JudicialLocal NewsStatewide NewsLawsuit Alleging River Authority Knowingly Flooded Homes Reaches Texas Supreme Court

The San Jacinto River Authority says governmental immunity and the facts of the case protect them from homeowners' lawsuits.
September 29, 2020
In a feud that began in the midst of Hurricane Harvey, a public entity will argue that governmental immunity protects it from a citizen lawsuit before the Supreme Court of Texas (SCOTX).

In a week, according to the SCOTX website, the San Jacinto River Authority (SJRA) will appeal a lower court ruling that affirmed the standing of a three-year-old lawsuit on the part of three Harris County citizens who allege that the SJRA owes them damages after controlled reservoir releases caused or contributed to flooding in their properties in late August 2017.

Court documents name Harris County property owners Vicente Medina, Ashley Medina, and Aris Antoniou as appellees in the case. The appellees, originally plaintiffs when they sued at the 151st District Court of Harris County, say the SJRA knowingly flooded their properties when it released water from the dammed Lake Conroe.

After the First Court of Appeals affirmed that the SJRA lacked governmental immunity, thereby affirming that the suit against them could stand, the SJRA appealed to the Texas Supreme Court.

“The homeowners in these interlocutory appeals allege that during Hurricane Harvey in late  August 2017, the River Authority released rising water from Lake Conroe into the West Fork of the San Jacinto River, causing or exacerbating the downstream flooding of their homes in  Kingwood,” the First Circuit opinion reads.

The Texan Tumbler

The SJRA has argued that “the premise of the lawsuit is obviously false,” claiming alongside more technical legal arguments that the flooding arose from a confluence of water sources, such as rainfall.

“The effects of Hurricane Harvey are appropriately referred to as catastrophic as that is exactly what Hurricane Harvey was; a natural catastrophe,” the SJRA stated. “The flooding of which those suing are complaining about, however, was neither caused nor made worse by the SJRA’s operation of the Lake Conroe dam.”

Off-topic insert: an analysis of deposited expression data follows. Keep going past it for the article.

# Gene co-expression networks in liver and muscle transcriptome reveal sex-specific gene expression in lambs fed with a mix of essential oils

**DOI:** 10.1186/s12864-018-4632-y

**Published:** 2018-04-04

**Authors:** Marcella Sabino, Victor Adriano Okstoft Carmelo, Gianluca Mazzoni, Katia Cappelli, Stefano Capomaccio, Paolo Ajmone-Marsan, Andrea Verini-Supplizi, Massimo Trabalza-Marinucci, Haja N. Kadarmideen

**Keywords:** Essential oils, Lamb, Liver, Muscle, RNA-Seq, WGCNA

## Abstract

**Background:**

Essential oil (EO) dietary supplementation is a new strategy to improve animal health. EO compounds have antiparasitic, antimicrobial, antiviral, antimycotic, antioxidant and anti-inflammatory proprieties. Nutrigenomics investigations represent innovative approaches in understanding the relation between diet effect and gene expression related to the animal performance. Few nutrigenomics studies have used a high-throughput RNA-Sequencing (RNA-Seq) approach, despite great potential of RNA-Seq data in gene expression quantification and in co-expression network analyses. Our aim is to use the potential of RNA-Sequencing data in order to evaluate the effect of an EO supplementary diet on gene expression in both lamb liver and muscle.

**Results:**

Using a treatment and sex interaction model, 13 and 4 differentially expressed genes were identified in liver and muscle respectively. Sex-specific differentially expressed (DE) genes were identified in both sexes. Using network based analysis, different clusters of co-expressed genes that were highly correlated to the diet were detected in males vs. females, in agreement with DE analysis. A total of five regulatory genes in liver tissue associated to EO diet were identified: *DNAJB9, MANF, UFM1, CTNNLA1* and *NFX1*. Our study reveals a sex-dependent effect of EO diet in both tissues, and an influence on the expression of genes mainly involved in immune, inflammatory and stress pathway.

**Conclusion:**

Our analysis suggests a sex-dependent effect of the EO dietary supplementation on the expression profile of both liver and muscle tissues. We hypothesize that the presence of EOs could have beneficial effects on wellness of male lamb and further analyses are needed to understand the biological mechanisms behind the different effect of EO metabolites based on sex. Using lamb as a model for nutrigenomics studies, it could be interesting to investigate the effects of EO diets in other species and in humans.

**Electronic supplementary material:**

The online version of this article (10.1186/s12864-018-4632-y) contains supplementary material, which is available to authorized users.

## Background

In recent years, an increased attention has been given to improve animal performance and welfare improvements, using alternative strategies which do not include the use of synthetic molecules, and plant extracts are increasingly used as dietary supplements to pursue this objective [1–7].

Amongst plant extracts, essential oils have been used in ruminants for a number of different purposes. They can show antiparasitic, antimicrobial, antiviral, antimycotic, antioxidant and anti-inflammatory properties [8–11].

The property owners contend that SJRA had ample precedent to know the damage done by controlled releases from Lake Conroe, which they claim caused or worsened flooding in Kingwood and Humble neighborhoods in 1994, 1998, 2001, 2002, 2015, and 2016.

Antoniou and the Medinas make up just one of three groups of citizens who cooperated to sue the SJRA. Altogether, dozens of property owners joined in lawsuits against the bureaucratic group. The SJRA filed motions to dismiss the suit on the grounds that the property owners’ allegations had no basis in fact, which were denied.

The court will hear and livestream oral arguments this Tuesday, October 6th.


Disclosure: Unlike almost every other media outlet, The Texan is not beholden to any special interests, does not apply for any type of state or federal funding, and relies exclusively on its readers for financial support. If you’d like to become one of the people we’re financially accountable to, click here to subscribe.

Get “KB's Hot Take”

A free bi-weekly commentary on current events by Konni Burton.

Isaiah Mitchell

Isaiah Mitchell is a reporter for The Texan, a Texas native, and a huge Allman Brothers fan. He graduated cum laude from Trinity University in 2020 with a degree in English. Isaiah loves playing music and football with his family.